By a majority judgment, the Competition Appeal Tribunal (CAT) has rejected a challenge by the Federation of Independent Practitioner Organisations (FIPO) to the finding of the Competition and Markets Authority (CMA), that the power of private medical insurers does not have an adverse effect on competition.
This followed the CMA’s investigation into the Private Healthcare Market. FIPO is disappointed with the outcome of the challenge.
FIPO welcomes however the strong dissenting opinion of Dermot Glynn, the expert economist on the Tribunal panel. FIPO is informed that dissenting opinions such as these are an extremely rare occurrence at the CAT and Mr Glynn’s opinion raises a number of pertinent questions.
FIPO considers that the incentives under which private insurers operate have not been properly investigated or understood by the CMA. As Mr Glynn notes, while insurers have an interest in the provision of high-quality medical services, they also have a strong financial incentive to steer patients towards low-cost medical solutions.
Unlike in a well-functioning healthcare market, patients cannot just assume that the advice they receive from the insurers is based entirely on their medical needs. FIPO agrees wholeheartedly with Mr Glynn’s conclusions that because there is no real price competition between consultants vis-à-vis the policyholders, the imposition of a fee information remedy on consultants (the remedy adopted by the CMA) cannot do anything to improve the competitive outcome.
Indeed, FIPO agrees that providing this information may well facilitate tacit collusion, encouraging smaller private medical insurers to follow the Bupa or AXA PPP benefit schedules, leading to further loss of competition between consultants.
FIPO is surprised that the CMA failed to recognise that competition between consultants is restricted by the actions of the biggest medical insurers. One possible reason is that these practices were relatively new at the time of the CMA’s investigation and were yet to have their full effect on the viability of private practice, which in turn will have knock-on effect on the NHS as recognised by Mr Glynn in his opinion.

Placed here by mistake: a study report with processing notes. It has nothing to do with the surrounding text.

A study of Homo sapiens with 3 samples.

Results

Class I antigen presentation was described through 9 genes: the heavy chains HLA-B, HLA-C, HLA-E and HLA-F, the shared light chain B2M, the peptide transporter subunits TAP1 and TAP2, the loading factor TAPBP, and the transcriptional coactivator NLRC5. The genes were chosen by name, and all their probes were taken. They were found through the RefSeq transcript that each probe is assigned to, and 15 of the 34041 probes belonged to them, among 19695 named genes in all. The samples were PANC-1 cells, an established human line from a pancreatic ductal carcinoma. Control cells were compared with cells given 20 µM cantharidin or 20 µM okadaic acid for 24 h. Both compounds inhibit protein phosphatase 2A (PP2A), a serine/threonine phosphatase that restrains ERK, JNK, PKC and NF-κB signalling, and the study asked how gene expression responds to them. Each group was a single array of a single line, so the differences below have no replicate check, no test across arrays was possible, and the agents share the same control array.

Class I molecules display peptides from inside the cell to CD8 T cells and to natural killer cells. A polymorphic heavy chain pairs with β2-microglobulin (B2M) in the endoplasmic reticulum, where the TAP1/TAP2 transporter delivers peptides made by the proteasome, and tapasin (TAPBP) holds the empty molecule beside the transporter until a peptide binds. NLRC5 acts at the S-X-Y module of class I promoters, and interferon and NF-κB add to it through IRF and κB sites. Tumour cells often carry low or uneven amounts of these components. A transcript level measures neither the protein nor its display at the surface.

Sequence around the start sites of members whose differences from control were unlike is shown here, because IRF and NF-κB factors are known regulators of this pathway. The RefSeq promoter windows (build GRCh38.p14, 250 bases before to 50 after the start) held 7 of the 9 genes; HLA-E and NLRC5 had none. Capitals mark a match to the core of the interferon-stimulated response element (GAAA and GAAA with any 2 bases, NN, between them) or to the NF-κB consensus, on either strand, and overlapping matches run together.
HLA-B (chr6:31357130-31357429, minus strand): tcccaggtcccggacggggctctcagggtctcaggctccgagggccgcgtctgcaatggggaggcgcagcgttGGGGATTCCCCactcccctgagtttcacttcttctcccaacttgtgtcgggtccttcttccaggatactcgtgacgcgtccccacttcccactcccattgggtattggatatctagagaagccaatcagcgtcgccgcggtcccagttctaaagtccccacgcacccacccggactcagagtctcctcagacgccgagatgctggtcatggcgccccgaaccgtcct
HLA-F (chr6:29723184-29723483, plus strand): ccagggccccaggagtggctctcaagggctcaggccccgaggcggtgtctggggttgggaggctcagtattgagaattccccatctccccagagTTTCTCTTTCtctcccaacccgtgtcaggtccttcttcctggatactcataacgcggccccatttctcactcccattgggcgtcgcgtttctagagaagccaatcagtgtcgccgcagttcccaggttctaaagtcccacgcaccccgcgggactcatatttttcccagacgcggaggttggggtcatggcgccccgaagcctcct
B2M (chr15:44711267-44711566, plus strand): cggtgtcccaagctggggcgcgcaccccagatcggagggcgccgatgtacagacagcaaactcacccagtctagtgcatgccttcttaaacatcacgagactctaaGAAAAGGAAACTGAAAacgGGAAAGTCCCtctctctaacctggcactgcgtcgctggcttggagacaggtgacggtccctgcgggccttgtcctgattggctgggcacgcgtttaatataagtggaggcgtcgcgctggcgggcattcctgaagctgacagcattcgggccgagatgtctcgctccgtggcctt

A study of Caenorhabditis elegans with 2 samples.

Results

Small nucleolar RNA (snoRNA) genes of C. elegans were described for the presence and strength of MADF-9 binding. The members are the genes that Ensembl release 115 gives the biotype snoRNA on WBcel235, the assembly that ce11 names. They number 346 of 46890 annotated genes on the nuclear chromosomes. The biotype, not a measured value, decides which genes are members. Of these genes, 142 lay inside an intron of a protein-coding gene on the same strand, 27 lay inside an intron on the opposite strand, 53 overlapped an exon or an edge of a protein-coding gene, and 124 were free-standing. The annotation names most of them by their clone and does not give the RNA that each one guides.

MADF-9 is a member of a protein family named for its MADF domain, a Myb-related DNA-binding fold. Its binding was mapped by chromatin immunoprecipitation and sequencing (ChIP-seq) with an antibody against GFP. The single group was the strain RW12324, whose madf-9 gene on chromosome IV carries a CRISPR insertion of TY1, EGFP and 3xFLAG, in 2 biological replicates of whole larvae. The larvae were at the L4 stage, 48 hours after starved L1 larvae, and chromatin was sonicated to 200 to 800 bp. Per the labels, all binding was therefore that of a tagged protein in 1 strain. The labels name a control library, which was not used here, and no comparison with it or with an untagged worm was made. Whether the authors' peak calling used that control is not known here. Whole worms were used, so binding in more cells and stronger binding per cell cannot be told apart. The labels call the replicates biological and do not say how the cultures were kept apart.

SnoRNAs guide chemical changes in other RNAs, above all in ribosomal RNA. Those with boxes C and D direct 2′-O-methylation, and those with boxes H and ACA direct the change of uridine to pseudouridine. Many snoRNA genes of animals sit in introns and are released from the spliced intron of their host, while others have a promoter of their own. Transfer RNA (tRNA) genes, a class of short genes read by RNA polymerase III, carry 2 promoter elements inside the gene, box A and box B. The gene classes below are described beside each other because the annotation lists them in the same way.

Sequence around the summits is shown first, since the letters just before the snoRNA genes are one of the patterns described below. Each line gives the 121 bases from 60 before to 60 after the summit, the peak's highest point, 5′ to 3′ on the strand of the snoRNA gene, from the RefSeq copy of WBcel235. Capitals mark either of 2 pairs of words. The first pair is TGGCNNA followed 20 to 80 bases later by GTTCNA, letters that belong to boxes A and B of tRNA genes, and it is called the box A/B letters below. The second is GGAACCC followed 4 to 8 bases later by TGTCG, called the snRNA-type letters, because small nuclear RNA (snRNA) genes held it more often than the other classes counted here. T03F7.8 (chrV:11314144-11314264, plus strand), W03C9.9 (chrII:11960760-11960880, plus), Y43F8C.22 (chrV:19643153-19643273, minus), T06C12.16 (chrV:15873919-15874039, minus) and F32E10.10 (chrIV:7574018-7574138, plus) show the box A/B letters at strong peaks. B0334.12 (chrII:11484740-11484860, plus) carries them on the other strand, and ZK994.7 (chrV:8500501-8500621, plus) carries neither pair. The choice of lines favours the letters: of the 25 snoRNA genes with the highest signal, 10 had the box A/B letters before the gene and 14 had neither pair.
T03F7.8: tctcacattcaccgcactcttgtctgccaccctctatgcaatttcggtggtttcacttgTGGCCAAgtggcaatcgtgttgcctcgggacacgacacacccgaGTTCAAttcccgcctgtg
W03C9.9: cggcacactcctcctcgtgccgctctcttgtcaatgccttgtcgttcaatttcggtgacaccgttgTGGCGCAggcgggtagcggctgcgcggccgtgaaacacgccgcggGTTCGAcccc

Since the CMA Report, FIPO has seen a steady stream of new initiatives by the major private medical insurers (PMIs), who, between them, control 85% of the market by revenue, further restricting effective competition between consultants.
A new policy of compulsory e-billing is being put in place across the board. In the case of AXA PPP, it is accompanied by an extensive and wide-ranging decrease in the benefits available to policyholders. In addition, AXA PPP ‘fee approved’ consultants are no longer permitted to provide their patients with an account of their fees, thus removing the vital link between consultant and patient.
PruHealth has also embarked on a similar strategy of obligatory e-billing and, as with AXA PPP, no patient is permitted to receive a bill from the consultant relating to their treatment. Bupa is also rolling out a policy of obligatory e-billing in addition to its long-standing fixed benefit programmes for consultants’ services.
These initiatives have been strongly promoted since the CMA issued its final report, but given the nature of a challenge before the CAT, new evidence could not be used in support of FIPO’s challenge.
However, in its report, the CMA itself accepted that if the practices of the PMIs were to be ‘extensively and rigidly’ applied, there could be an adverse effect on competition. The time has now come to recognise that there is such an effect.
FIPO will continue to pursue all possible options available to it.